The text for this lesson is Genesis 46:29–30; 47:7–12
- God commands that we learn His Word. God’s Word, the Bible, reveals the Word made flesh, Jesus Christ, who brings us forgiveness, life, and salvation.
- Law: Joseph’s brothers sinned when they sold Joseph into slavery and then lied to Jacob, their father, instead of respecting authority and showing love for their father and brother as Joseph did in Egypt. I, too, break the Fourth Commandment by disobeying my parents and other authorities and failing to honor them.
- Gospel: God’s Son, Jesus, perfectly obeyed the Fourth Commandment for me, fulfilling His heavenly Father’s plan of salvation by dying on the cross to save me from my sins.
- One could certainly level reasonable criticism against Jacob for favoring Joseph over his brothers and endowing him with such a grand coat. No doubt this bred jealousy. Nevertheless, Joseph’s brothers sinned against God and their father, breaking the Fourth Commandment. The brothers presumed that they had reason to be angry with their father and perhaps even with Joseph for flaunting his new coat, the mantle of Jacob’s preferential love. Yet, speaking to their father and expressing their hurt verbally would have been a better solution than their heartbreaking deceit.
Every person bearing authority over our lives is a human being; they bring their sinful nature into their role as parent, teacher, work supervisor, police officer, mayor, senator, president, and the like. Each one fails to live up to our expectations as a caretaker and leader. Nevertheless, God placed each of them in our lives and for our good. Therefore, we are bound to honor and obey them. They protect, nurture, and provide for us. Their authority, according to their individual office, is ordained by God. When we fail to honor and obey them, we ourselves sin, breaking the Fourth Commandment.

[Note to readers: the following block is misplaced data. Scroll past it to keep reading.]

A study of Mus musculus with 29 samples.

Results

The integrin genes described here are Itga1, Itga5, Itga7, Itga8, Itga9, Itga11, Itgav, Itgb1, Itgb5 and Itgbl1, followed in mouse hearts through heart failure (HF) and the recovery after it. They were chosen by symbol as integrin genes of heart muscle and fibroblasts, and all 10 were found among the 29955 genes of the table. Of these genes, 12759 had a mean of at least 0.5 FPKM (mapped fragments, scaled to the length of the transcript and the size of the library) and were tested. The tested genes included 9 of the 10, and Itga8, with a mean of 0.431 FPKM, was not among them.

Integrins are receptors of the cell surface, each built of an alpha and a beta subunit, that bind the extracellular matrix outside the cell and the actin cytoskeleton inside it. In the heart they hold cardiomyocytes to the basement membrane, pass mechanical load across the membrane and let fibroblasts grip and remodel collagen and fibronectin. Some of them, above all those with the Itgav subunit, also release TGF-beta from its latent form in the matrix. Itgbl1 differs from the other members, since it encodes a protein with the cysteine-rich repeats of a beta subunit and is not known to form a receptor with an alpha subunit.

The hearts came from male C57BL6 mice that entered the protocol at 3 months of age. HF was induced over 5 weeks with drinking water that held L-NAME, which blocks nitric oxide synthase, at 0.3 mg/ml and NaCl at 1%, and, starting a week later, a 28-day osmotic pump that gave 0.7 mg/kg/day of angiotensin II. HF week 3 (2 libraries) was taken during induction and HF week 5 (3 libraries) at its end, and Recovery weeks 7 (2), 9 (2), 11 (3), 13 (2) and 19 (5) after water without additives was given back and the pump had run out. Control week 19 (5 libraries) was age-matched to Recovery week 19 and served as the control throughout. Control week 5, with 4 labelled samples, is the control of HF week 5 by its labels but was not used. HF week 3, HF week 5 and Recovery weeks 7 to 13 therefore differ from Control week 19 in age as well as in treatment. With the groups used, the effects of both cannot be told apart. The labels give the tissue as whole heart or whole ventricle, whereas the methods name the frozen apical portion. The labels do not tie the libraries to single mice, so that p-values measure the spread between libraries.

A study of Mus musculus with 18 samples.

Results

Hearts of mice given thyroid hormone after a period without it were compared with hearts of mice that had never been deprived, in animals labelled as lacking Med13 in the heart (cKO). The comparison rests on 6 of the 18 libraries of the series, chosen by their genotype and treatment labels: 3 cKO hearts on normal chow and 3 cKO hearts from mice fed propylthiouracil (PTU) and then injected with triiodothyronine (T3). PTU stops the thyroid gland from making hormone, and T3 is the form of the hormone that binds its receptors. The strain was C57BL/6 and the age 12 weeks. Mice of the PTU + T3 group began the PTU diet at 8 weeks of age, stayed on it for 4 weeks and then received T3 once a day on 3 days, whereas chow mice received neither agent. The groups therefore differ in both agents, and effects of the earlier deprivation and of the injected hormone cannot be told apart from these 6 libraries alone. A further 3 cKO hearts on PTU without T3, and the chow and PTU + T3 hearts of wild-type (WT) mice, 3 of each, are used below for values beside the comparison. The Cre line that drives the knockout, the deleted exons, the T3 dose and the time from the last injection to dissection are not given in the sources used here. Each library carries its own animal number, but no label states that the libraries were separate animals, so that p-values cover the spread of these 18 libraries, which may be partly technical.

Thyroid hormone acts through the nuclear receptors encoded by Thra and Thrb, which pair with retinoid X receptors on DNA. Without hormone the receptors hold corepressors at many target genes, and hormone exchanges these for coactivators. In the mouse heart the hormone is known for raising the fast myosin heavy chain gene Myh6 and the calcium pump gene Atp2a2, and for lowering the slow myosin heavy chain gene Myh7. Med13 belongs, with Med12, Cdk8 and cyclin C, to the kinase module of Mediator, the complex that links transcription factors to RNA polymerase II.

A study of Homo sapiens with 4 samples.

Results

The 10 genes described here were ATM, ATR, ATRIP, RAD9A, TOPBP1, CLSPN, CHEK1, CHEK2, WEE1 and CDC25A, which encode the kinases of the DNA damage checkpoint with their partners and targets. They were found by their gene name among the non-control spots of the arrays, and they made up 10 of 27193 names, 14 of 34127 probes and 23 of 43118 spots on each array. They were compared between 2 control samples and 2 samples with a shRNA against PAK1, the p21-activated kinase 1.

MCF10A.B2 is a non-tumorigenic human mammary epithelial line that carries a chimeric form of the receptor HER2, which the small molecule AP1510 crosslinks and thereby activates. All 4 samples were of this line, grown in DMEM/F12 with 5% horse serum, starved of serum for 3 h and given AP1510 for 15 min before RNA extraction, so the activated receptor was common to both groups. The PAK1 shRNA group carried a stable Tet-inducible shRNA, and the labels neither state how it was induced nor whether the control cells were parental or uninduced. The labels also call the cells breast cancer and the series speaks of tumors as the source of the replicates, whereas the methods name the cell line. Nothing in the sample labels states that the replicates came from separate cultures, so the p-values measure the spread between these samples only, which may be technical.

Joseph suffered greatly at the hands of others. Perhaps we can fault him for flaunting his precious coat before his brothers. Nevertheless, he did not earn such foul treatment as we read about in Genesis. Enslaved to Egyptian masters, Joseph submits to those in authority. Although he never asked for life in Egypt, Joseph so impressed Pharaoh that he was able to ascend to his own place of authority. Seeing God’s hand in his circumstances, Joseph was able to extend mercy to his father, Jacob, visiting him in Goshen. In Joseph, we have an example of honoring those in authority even in the worst of circumstances.
Jesus demonstrated a flawless interpretation of the Fourth Commandment. He knew when obeying His heavenly Father entailed obedience to earthly authorities and when it required disobedience. Jesus remained with His parents as a child in Nazareth, submitting to their authority as His earthly parents. Yet, His parents were upset when, as a young adolescent, Jesus remained at the temple long after his parents had to return home. Jesus obliged others to “give unto Caesar” as the present earthly authority in Palestine. Nevertheless, He stood fast against the Jewish and Roman leaders in order to fulfill His Father’s plan for our salvation, a plan that took Him to the cross, where He died to pay for our sin of breaking the Fourth Commandment and all the Commandments.